Ferguson leaders wonder if monitor is worth the cost
FERGUSON, Mo. - Ferguson, Mo., has paid nearly a half-million dollars to the monitor team overseeing its police and court reforms, but city leaders question what they’ve gotten for their money, especially after the departure of the original lead monitor.
Washington attorney Clark Kent Ervin resigned in September after serving a little over a year as lead monitor overseeing the consent agreement between the U.S. Department of Justice and Ferguson, the St. Louis suburb where Michael Brown was fatally shot by a police officer in 2014.
Boston attorney Natashia Tidwell, who has been with the Ferguson monitor team since its start, now leads it.
Concerns over the cost of monitoring were detailed in exclusive interviews with The Associated Press.
The money spent on monitoring is costly in Ferguson, paid for entirely with city funds.
The community of 20,000 is much smaller, with far less money, than most cities subject to Justice Department consent agreements. Money is so tight that Ferguson voters twice in 2016 approved tax increases to keep the budget balanced.
Mayor James Knowles III said Ervin failed to follow through on some projects, including opening an office in Ferguson and surveying residents. City Attorney Apollo Carey said his departure slowed a court audit and other reforms.
“It begs the question: What are residents getting out of (monitoring)?” Knowles said. “They’re supposed to be getting transparency. They’re supposed to be getting regular updates and engagement from the monitor. They haven’t gotten any of it.”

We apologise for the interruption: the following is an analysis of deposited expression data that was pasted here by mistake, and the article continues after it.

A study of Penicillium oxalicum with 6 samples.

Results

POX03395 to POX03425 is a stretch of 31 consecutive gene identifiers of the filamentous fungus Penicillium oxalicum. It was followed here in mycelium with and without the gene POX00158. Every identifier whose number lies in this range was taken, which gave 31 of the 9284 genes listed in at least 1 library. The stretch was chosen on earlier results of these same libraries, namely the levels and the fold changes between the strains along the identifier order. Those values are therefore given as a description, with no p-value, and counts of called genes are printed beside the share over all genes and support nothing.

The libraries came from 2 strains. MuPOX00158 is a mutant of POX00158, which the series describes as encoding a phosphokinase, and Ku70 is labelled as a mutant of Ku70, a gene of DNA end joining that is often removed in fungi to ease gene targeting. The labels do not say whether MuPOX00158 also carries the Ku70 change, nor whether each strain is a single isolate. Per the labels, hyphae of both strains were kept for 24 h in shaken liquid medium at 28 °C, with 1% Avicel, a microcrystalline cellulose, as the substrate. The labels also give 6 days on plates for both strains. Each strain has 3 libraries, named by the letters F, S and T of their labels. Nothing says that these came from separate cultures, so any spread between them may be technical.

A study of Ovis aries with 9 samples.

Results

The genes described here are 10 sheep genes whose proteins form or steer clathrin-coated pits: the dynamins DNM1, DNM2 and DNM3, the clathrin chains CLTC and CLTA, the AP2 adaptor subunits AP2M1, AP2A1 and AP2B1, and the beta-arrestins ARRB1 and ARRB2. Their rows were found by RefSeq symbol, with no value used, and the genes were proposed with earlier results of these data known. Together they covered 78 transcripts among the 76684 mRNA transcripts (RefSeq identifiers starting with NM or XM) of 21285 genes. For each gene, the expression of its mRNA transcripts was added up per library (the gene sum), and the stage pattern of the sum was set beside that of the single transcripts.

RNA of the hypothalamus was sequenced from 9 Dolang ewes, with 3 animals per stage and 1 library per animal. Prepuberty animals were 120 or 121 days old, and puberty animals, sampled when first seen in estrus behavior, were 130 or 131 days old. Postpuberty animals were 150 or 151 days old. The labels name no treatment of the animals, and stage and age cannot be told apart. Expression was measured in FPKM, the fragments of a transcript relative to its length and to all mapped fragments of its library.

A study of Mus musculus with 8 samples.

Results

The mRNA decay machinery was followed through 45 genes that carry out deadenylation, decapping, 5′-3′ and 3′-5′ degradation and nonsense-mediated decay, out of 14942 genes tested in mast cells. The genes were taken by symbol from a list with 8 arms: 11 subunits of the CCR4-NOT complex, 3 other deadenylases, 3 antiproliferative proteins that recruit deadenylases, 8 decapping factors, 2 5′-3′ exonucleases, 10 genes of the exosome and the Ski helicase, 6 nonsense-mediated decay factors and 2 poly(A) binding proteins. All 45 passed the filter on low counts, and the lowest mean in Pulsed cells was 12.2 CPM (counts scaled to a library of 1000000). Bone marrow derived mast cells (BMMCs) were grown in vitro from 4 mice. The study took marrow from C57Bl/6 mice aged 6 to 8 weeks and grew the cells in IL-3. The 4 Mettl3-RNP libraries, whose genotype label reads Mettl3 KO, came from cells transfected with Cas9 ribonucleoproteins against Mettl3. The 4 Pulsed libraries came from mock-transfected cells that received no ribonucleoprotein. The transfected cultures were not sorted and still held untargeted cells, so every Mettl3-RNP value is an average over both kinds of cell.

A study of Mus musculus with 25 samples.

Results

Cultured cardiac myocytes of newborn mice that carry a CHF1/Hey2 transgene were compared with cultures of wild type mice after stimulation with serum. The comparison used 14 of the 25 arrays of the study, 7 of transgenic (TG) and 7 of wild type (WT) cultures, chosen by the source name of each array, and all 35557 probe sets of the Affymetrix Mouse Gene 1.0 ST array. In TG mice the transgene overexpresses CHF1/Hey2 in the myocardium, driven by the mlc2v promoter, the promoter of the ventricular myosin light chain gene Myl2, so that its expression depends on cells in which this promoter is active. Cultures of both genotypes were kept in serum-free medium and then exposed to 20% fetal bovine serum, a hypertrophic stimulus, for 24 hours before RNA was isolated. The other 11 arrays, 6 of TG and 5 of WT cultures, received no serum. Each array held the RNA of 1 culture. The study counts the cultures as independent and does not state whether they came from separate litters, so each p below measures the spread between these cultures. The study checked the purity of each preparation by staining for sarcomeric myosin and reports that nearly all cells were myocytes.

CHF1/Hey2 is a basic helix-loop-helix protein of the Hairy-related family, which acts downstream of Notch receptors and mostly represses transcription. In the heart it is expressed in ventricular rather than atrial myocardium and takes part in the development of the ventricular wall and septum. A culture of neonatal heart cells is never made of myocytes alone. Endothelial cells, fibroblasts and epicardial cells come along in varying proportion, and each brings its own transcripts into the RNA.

City Manager De’Carlon Seewood said “there were a lot of concerns on both sides,” which led to Ervin stepping down. “The thought was it was best to depart,” Seewood said.
Ervin did not respond to phone and email messages seeking comment.
Ferguson fell under Justice Department scrutiny after Brown was killed by Ferguson officer Darren Wilson during an Aug. 9, 2014, confrontation on a neighborhood street.
A St. Louis County grand jury and the Justice Department declined to charge Wilson, who resigned in November 2014.
But the shooting of the black, unarmed 18-year-old by the white officer drew attention to allegations about mistreatment of African-Americans by Ferguson’s police and court system. A Justice Department investigation led to a civil rights lawsuit that was settled in 2016 with the consent agreement.
The agreement called for paying the eight-member monitor team up to $350,000 a year, with the total amount to be capped out at $1.25 million over five years.
Ferguson paid $350,000 for the first 12-month period, and has paid another $145,000 since July of this year, its records show.
Of the initial $350,000, $291,192 was paid to Ervin’s law firm, Squire Patton Boggs, according to Ferguson records.
Since July of this year, an additional $108,000 has been paid out to a data collection firm, along with $21,000 to Tidwell and $15,000 split between two other monitor team members, Knowles said.